You’re yawning, falling asleep and you convince yourself that this extra coffee is only needed today because you’re unusually tired.
Before you know it, that third cup becomes a part of your regular routine and it’s no longer doing the trick of keeping your energy levels up. Then, you find yourself wondering if everyone feels this way.
Most of us tell ourselves that we’re tired because we’re overworked, have too much on our plates and it will pass, but according to experts, the culprit for our lack of energy lies in two habits we’re guilty of doing every day.
First, you’re not taking sleep hours seriously
According to the National Sleep Foundation, adults should get around seven to nine hours of sleep each night, but Danielle Hamo, a licensed and registered dietitian nutritionist from Miami, Florida, says most adults don’t get anywhere near that amount.
“Most people get five to six hours a night and your productivity goes down when you get less than eight hours of sleep,” said Hamo. She adds, “If you stay up late, the work you are doing is not at its best, so it is worth getting that extra sleep so you can be more sharp and efficient the next day.”
After a time, lack of sleep can be a contributing cause for health issues, affecting more than just your ability to get through the workday. According to a report from Harvard University, consistent lack of sleep can lead to heart disease, obesity, diabetes and could lower your life expectancy by 15 percent.
How do you get more restful sleep?
Hamo says, “To get more sleep you have to not look at your phone or any lit screen like an iPad or TV in the hour prior to bed,” says Hamo. “The light coming from these devices can interrupt your sleep cycle and hinder you from getting the amount of sleep you need,” she continues.
Second, you’re skipping breakfast
We know that eating breakfast is good for you, but many of us still skip this important meal every day. The latest statistics show that 31 million U.S. consumers skip breakfast and Lauren Harris-Pincus, a registered dietitian nutritionist from New York, says it’s one of the leading causes for our low energy.
“I find that an overwhelming number of people either skip breakfast or consume foods that cause energy levels to spike and crash,” said Harris-Pincus. “Our bodies are like cars, we need food like they need gas. What would happen if you tried to drive your car with an empty tank? Yet we expect our bodies to run efficiently on no food or choices that do not provide the proper nutrients we need,” she continued.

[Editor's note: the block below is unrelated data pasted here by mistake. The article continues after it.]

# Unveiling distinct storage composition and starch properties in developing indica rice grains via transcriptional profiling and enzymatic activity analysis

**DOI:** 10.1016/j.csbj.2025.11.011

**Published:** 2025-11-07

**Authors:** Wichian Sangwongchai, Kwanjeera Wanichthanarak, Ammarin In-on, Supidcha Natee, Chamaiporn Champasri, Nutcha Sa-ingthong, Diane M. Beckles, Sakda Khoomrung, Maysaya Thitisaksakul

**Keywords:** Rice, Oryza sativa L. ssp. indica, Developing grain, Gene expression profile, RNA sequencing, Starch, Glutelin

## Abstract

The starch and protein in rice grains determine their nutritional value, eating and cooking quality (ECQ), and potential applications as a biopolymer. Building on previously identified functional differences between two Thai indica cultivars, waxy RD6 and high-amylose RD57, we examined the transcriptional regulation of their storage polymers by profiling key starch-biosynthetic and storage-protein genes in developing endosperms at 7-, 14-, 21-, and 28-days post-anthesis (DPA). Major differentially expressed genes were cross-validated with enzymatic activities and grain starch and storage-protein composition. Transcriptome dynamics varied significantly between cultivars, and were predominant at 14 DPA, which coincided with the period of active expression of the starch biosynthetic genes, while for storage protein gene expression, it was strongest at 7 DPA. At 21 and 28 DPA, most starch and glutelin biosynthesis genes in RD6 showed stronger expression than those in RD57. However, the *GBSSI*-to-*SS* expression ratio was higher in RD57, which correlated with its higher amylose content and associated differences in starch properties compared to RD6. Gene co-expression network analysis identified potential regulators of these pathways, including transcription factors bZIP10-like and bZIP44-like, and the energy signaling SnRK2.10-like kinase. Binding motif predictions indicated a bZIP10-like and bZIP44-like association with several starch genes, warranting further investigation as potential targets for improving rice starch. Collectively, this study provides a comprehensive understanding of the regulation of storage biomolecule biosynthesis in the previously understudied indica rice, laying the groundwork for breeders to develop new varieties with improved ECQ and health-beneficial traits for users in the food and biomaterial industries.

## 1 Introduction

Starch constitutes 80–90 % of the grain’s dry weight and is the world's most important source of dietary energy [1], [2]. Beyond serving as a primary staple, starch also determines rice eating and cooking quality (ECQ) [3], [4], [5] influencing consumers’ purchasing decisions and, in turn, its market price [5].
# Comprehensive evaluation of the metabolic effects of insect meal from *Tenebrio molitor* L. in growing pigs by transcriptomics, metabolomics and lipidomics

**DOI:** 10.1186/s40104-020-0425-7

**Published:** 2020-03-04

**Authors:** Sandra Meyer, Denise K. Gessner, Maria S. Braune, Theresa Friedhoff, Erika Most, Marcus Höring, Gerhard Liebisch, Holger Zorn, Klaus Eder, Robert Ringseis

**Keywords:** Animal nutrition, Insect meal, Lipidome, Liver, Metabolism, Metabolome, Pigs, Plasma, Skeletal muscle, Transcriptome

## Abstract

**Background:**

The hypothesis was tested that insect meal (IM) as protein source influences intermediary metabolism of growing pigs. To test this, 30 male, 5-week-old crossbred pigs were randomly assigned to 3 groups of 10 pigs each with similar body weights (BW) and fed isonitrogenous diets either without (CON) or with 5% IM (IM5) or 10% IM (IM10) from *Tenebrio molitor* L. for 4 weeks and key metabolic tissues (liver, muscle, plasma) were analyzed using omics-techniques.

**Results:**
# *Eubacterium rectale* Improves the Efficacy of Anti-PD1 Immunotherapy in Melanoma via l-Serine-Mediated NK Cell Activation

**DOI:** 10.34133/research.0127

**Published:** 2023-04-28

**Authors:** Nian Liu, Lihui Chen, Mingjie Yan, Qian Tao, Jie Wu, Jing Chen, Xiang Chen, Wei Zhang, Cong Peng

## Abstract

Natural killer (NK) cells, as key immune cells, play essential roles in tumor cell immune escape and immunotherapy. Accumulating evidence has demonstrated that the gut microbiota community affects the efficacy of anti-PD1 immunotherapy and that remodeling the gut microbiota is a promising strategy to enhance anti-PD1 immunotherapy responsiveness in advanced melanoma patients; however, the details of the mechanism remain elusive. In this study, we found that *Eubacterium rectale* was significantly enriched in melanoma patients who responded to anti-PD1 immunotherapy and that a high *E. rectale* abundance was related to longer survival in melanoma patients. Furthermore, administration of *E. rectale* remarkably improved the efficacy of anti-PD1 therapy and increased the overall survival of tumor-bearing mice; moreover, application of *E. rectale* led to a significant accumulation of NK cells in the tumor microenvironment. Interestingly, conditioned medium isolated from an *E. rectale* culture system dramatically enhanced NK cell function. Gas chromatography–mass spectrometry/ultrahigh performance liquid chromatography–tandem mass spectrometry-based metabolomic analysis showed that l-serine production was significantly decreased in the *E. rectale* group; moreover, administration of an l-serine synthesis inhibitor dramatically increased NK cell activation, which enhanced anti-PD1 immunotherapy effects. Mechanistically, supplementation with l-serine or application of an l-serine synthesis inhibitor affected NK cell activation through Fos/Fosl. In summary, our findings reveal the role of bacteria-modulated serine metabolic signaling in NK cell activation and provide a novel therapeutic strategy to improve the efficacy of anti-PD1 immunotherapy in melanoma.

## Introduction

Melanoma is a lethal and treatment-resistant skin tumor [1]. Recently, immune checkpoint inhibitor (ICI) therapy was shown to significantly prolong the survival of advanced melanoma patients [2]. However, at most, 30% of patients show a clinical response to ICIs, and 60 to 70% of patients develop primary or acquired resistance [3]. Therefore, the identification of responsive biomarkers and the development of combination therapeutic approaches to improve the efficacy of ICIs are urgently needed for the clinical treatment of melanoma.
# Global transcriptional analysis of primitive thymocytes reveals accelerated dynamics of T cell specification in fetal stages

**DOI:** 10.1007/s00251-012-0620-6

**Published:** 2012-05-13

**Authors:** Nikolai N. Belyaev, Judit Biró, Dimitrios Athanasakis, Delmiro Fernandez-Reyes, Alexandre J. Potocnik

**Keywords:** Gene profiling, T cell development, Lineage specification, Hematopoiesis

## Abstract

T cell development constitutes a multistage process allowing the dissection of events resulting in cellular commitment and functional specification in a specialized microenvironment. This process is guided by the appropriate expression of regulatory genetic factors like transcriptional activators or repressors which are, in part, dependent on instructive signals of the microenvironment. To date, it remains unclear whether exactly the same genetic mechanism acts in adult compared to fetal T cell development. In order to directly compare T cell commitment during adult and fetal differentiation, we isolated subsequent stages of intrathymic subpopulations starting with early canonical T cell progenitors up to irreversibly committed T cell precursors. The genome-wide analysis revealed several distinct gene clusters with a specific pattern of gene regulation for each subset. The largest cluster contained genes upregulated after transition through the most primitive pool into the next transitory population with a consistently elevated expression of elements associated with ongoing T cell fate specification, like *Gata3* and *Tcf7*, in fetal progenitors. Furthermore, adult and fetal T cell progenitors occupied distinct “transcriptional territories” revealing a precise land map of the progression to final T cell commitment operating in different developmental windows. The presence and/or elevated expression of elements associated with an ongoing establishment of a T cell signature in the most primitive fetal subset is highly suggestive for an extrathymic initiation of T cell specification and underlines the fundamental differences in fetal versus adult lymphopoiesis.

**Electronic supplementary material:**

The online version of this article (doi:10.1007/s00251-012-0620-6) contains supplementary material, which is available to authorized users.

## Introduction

Skipping breakfast won’t just have you reaching for more caffeine through the day, it can have potentially dangerous health consequences. A 2013 study from Harvard School of Public Health revealed that those who regularly skipped breakfast had a 27 percent higher risk of heart attack or death from heart disease than those who did eat in the morning.
How do you make time for breakfast?
Harris-Pincus says that the most common excuses she hears from patients when asked why they skip breakfast is not having enough time. She adds that finding that time is all about planning and preparation.
“With a little planning, your morning routine can run smoothly and you will benefit from a nutritious breakfast,” said Harris-Pincus. “There are so many foods to make in the evening that will be ready to grab and go in the morning,” she continued.
She shared that overnight oats, like her maple pumpkin banana oats recipe, is her favorite thing to eat in the morning because you can prepare it the night before and it will be ready for you. Harris-Pincus adds that planning your meals and snacks to make sure you’re eating every three to five hours can keep your energy up.
If you find yourself relying on more and more coffee to get you through the day, make these two changes and you’ll find you will be happier, healthier and have the energy level that can rival the younger you.